Today, we can all collect waste. But World Cleanup Day has become much more than just picking up trash. Volunteers from the most diverse fields, such as schools, businesses, government officials, the elderly, young, rich, poor, all contribute year to year. Everyone wants to get involved in making their home a better place.

Let’s Do It World (LDIW) is a global organization that brought together 180 countries and more than 20 million volunteers during World Cleanup Day last September, the largest event organized by LDIW. This year, September 19th we will return with the third world edition, waiting to see a cleaner planet.

We are aware that our countries are affected by poorly managed waste in different ways. In some, waste is a government-managed problem; in others, waste is something that surrounds the majority of the population; there are also places where waste and recycling provide thousands of jobs, and finally, there are places where poorly managed waste is not such a big problem while in others they are a matter of life and death.

If you would like to read about other organizations partnered with Good Deeds Day, you can read here about the work of Habitat for Humanity.

The sad reality is that we needed to see images of birds strangled by plastic and marine life suffocated by debris to wake up to what’s around us. The millions joined by LDIW are a fraction of the world that cares enough to take part in the solution. We are people concerned about the future, who can look beyond differences and work to maintain what unites us: our common home.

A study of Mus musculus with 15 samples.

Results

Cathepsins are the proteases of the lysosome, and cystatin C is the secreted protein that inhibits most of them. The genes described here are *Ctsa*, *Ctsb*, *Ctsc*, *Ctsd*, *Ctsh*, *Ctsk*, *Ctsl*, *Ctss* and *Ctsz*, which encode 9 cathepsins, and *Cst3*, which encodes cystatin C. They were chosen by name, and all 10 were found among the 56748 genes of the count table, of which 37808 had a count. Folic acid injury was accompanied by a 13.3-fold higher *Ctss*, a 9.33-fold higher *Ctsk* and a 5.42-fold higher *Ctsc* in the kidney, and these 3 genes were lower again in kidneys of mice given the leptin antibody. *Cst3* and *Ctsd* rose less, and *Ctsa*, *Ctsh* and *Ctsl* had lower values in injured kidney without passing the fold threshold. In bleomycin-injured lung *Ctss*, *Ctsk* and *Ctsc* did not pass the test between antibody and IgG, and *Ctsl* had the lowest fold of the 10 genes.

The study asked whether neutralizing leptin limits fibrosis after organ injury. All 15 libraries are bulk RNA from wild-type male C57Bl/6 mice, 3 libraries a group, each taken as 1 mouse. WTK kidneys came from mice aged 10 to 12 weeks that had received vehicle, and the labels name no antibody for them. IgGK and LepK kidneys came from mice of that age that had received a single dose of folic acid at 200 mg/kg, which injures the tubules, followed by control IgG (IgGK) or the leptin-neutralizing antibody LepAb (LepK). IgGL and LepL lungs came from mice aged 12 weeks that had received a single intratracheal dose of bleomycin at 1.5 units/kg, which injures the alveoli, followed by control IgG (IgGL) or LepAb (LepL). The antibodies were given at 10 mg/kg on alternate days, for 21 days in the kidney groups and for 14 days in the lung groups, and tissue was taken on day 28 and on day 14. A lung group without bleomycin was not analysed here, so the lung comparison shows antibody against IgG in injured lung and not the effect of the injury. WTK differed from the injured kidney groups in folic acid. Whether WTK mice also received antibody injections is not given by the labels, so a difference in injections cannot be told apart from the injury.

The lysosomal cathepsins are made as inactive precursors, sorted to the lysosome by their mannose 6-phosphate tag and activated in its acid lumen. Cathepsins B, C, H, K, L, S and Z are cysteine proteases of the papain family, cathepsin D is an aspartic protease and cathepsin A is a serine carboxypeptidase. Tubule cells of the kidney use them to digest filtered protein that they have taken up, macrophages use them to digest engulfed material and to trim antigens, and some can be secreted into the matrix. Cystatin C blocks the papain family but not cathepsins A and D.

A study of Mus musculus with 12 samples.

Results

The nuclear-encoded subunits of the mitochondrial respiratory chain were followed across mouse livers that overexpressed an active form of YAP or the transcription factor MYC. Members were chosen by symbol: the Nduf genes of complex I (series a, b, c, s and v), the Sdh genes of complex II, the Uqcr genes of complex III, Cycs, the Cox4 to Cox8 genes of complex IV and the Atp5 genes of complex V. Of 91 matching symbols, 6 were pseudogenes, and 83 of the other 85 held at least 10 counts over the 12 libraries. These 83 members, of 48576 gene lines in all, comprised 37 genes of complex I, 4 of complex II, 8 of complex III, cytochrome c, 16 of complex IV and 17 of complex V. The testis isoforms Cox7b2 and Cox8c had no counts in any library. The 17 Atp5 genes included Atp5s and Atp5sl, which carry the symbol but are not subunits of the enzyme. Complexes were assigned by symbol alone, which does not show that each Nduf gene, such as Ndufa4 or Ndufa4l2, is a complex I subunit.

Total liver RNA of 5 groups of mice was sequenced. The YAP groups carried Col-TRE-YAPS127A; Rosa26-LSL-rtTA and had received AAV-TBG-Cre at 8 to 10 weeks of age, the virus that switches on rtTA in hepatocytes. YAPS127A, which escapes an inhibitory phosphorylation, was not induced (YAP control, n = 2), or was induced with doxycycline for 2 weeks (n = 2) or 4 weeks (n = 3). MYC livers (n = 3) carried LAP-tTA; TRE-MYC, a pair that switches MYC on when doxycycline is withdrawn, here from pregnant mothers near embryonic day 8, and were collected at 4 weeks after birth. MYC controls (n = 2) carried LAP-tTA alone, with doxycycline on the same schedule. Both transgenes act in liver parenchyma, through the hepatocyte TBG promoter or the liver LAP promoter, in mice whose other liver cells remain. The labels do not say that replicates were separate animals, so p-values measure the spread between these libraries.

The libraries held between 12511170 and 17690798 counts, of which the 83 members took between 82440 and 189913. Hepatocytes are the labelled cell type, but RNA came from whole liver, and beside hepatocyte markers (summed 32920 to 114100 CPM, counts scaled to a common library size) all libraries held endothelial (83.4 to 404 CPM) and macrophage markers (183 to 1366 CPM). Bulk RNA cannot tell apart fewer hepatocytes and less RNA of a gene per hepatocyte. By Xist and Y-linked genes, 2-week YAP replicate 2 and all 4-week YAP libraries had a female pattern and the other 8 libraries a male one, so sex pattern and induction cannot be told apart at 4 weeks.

This year’s great partnership with Good Deeds Day, even despite the situation experienced by COVID, is something that challenged us to implement activities. The result was local participation at a high level that will undoubtedly be distributed throughout the year when we can perform physical days of cleaning.

Also, during this pandemic, we had to rethink our actions for Earth Day, just a few days ago, and we implemented globally a day of digital cleansing – Digital Cleansing Day – something new for all of us. For the average citizen, waste is often invisible, once it leaves our homes, we no longer see it. However, there is a kind of waste that is invisible within our own homes: digital waste. All those old files, duplicate photos, downloaded videos, unused apps, are hidden in the corners of your devices. The goal was to clean our emails, photos, and files, among others, from our digital devices.

This initiative attracted more than 83,000 participants from 88 countries. According to the information received, 68,000 gigabytes of digital waste was disposed of. That equates to an average of 1.1 billion text emails, or nearly 70,000 entire movies, or more than 20 million digital photos.

Through our social media activities and campaigns, our goal is to create a shift toward better resource management and inspire us toward smarter design, production, and consumption choices that implement lasting change to end the global waste epidemic, once and for all.

This is not achieved without individual and group efforts. That is why I invite you to collaborate for a cleaner and more environmentally responsible planet, as change begins with each of us.

The text was written by Mr. Mauro Borsella, Director for Latin America & Caribbean at Let’s Do It World.